Canada/United Kingdom, 2005
U.S. Release Date:
R (Profanity, Sexual Situations)
Theatrical Aspect Ratio:
Jodelle Ferland, Jeff Bridges, Brendan Fletcher, Janet McTeer
Terry Gilliam and Tony Grisoni, based on the novel by Mitch Cullin
Mychael Danna, Jeff Danna
Time and time again throughout Terry Gilliam's career, the director has been forced to endure studio interference. According to executives at some of the companies that have distributed the former Monty Python animator's films, his creative vision was often at odds with what could earn a movie mainstream acceptance. Unlike Brazil (which remains the poster child for studio meddling) and the critically-reviled The Brothers Grimm, Gilliam had total creative control with Tideland. So there was every reason for viewers to expect a "return to form." What we get, sadly, is easily the worst production Gilliam has ever been involved in, either behind the camera or in front of it. Tideland is, by turns, a complete bore and a creepy experience. And I don't mean "creepy" in a positive sense.
Things start out with some promise. Engaging young actress Jodelle Ferland plays Jeliza-Rose, the daughter of two drug addicted parents (Jeff Bridges and Jennifer Tilly). Jeliza-Rose lives in a world that is half-real and half-fantasy. Her headless dolls have conversations with her, she imagines bog-men roaming around the house, and she dreams of living her life in Jutland. After Mom OD's, she and Dad head out to a big house on the prairie, the run-down domicile that was once the property of Jeliza-Rose's grandmother. Soon, Dad takes one "extended vacation" too many, and ends up inviting flies to join him as he stinks up a rocking chair. Meanwhile, Jeliza-Rose imagines a neighbor (Janet McTeer) to be a witch and the neighbor's retarded brother, Dickens (Brendan Fletcher), to be her husband. There are talking squirrels, Alice in Wonderland references, taxidermy, and some unsavory considerations about the relationship between a little girl and a man who may or may not have "a thing."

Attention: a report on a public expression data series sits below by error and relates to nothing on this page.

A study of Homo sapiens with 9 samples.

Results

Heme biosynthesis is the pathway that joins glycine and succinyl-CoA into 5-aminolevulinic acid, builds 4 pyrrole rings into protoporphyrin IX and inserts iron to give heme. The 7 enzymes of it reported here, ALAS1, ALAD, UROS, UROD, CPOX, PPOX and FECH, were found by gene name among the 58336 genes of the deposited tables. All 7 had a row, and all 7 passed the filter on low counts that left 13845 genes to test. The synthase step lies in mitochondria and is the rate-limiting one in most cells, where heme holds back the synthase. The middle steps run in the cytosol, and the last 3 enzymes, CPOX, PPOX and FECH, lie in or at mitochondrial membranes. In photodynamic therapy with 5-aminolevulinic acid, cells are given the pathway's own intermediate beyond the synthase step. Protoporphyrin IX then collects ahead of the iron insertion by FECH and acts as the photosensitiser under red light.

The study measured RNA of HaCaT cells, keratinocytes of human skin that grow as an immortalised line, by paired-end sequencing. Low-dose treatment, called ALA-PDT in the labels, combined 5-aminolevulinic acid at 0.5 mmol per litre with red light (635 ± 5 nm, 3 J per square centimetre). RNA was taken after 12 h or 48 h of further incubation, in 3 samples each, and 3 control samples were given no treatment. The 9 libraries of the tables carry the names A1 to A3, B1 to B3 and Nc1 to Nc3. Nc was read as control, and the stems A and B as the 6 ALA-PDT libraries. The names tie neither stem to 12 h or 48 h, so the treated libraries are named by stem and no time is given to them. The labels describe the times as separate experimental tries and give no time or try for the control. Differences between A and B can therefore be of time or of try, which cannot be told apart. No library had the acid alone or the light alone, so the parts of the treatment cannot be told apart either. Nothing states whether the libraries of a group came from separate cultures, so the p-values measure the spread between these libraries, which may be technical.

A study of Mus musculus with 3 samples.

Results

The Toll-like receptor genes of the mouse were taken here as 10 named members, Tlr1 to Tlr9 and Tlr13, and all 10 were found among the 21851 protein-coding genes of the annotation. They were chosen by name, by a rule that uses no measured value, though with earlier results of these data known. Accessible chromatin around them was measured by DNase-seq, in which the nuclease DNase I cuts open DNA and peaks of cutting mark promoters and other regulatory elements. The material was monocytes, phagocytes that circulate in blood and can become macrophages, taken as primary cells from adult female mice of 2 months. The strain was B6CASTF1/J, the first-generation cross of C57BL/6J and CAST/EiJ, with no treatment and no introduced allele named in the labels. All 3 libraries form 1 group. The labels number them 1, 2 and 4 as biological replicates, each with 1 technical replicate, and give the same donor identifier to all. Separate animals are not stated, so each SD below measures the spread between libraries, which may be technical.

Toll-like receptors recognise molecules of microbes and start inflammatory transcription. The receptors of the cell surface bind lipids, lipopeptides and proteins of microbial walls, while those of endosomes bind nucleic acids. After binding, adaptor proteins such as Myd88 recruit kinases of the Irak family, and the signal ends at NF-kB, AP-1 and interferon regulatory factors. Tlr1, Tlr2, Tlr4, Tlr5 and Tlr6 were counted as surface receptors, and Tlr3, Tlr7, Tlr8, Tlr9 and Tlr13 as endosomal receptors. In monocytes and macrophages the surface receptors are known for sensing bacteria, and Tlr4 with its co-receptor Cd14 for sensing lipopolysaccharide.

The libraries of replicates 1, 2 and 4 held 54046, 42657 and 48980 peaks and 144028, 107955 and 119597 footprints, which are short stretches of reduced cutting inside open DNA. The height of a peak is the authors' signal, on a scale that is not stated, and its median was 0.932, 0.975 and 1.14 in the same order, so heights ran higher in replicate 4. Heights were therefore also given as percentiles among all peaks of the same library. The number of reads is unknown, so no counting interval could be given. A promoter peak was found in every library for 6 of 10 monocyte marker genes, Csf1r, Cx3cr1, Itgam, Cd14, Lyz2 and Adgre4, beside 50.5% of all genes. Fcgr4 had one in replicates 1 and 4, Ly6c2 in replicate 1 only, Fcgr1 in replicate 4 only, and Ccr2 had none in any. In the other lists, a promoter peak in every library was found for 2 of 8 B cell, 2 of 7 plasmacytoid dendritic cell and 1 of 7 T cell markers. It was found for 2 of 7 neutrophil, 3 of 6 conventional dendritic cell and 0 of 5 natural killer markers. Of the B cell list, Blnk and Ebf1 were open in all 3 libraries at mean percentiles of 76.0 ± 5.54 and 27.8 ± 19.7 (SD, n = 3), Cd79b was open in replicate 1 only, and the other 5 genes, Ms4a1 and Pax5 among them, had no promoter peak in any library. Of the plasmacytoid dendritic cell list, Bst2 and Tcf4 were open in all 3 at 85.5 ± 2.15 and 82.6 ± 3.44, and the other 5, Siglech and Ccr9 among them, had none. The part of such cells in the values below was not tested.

Tideland sounds better on paper than it is to watch. This is a two-hour snoozefest. The imaginative parts are curtailed by the low budget. There's no point to the experience, and it's a chore to get through. One of the problems is the presence of the adults. It's easy to imagine how a better movie could have been made centered around Jeliza-Rose on her own, exploring magical fantasy-worlds of her imagination. Yet this seemingly obvious Wizard of Oz approach is not one that Gilliam explores. And some of the experiences Jeliza-Rose goes through while in the company of her deranged neighbors are difficult to watch. For example, she gets to watch the witch perform fellatio - good education for a young girl.
It's hard to say for whom this movie was made. I can't think of a demographic to which it will appeal. Another critic suggested that Gilliam probably made it only for himself, which is likely the case. But, if this is a picture the filmmaker really wanted to produce, it raises questions about the creative direction of his career. It's hard to believe the man who made The Fisher King, Twelve Monkeys, and Brazil (not to mention his Monty Python stuff) has gone off the deep end, but if he doesn't have anything better than Tideland to offer, there could be a problem. This is a rare movie about which everyone seems to share an opinion: it stinks.